Protecting the right to vote while maintaining public confidence in the integrity of the results is every public servant’s sacred duty. With that in mind, I defended Arizona’s election safeguards before the Supreme Court in March. Last week, in Brnovich v. Democratic National Committee, the justices ruled 6-3 in our favor, reaffirming the ability of states to administer secure elections with outcomes every voter can trust.
The Democratic National Committee asked the court in 2016 to strike down Arizona’s statutes on in-precinct voting and ballot harvesting as violations of the Voting Rights Act. The DNC didn’t have a sound or compelling argument, so it lapsed into calling Arizona “racist” for passing the law. I am thankful the justices saw through this partisan attack and upheld our common-sense measures. The court’s ruling is a win for election integrity at a time when the far left conducts propaganda campaigns to trick people into believing any election law that protects against voter fraud is “Jim Crow 2.0.”
The irony is that the DNC chose to attack Arizona, a state that offers some of the most convenient ways to vote. You can vote early in-person, vote on Election Day, or request a no-excuse absentee ballot. Don’t want to get out of the car? We also have drive-through ballot drop-off sites. Contrast that with other jurisdictions such as Delaware, Connecticut and New York, which require bureaucrats to approve your reason for absentee voting. Why are those requirements not being challenged? It’s clear that the DNC prefers to pursue its partisan power plays in what it deems to be battleground states.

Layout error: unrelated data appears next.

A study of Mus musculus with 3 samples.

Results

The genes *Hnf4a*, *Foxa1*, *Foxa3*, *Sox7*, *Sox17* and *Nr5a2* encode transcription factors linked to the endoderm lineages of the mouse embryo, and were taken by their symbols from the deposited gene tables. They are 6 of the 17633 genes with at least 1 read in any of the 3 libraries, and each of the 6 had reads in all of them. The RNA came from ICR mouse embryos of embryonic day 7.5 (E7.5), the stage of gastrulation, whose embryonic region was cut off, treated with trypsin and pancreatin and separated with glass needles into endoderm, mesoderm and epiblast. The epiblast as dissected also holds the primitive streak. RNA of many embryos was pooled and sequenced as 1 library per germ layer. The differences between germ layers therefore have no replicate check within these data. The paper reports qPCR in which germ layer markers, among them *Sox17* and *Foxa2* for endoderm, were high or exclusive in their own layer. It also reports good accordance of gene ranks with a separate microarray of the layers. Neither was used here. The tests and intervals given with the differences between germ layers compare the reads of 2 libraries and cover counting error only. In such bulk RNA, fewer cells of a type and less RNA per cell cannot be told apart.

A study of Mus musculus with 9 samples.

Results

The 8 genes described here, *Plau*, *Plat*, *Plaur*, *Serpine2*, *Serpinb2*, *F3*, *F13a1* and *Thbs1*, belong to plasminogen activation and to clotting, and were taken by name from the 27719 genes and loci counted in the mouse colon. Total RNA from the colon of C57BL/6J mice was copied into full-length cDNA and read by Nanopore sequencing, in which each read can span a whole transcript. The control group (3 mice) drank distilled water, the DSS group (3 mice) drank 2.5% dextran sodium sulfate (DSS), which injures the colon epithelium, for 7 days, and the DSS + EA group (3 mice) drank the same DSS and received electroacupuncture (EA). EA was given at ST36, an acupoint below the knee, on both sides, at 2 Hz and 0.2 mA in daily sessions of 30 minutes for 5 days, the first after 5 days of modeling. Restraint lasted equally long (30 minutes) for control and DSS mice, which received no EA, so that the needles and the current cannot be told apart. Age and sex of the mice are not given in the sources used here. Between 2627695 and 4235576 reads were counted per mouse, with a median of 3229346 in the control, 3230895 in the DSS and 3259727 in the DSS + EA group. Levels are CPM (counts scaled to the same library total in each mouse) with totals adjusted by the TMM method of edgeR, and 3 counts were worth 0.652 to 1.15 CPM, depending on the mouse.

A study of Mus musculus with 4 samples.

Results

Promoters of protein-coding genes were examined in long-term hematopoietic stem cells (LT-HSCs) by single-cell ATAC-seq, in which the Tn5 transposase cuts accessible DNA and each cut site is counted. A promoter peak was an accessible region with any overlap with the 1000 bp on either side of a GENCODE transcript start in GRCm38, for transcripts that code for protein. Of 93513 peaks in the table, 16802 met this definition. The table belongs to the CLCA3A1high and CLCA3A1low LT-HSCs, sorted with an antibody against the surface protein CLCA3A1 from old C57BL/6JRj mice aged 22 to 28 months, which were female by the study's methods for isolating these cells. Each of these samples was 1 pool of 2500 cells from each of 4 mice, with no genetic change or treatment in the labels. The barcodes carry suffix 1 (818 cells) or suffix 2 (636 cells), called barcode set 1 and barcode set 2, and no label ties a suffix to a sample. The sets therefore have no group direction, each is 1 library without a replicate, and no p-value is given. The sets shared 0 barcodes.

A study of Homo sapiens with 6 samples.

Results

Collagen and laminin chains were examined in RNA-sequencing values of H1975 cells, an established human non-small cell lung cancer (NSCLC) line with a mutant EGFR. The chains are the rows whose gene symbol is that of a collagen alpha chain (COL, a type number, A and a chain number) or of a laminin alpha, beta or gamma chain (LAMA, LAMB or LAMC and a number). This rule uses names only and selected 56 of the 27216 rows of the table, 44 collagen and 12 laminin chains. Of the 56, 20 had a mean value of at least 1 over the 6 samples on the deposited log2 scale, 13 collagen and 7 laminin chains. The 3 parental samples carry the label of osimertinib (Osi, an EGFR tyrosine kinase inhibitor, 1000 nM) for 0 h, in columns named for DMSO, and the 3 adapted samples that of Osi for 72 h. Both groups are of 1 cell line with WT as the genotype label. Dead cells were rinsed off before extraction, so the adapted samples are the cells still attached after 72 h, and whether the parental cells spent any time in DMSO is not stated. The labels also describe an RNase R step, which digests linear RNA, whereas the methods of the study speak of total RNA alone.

In 2016 the Arizona Legislature established new guidelines restricting who can collect and deliver another person’s ballot, a practice that has become known as “ballot harvesting.” Ballot harvesting often exploits vulnerable communities when third parties not only gather and claim to deliver all ballots, but also “assist” people in filling them out. This opens the door and rolls out the carpet for anyone who may be attempting to commit voter fraud or intimidation.
Arizona’s Legislature passed ballot-harvesting protections in 2016 after the city of Phoenix warned of unauthorized people going door-to-door to collect early ballots while purporting to be city election officials. Civil-rights leaders—including Michael Johnson, who previously served on Phoenix City Council, and the Arizona Latino Republican Association for Tucson Chapter—raised concerns about elderly and vulnerable communities being targeted by ballot-harvesting activists. With the common-sense guidelines that are now law, only a family or household member, caregiver, mail carrier or elections official is authorized to deliver your ballot. That provides acceptable levels of ballot security, convenience and peace of mind that we should all be able to agree on.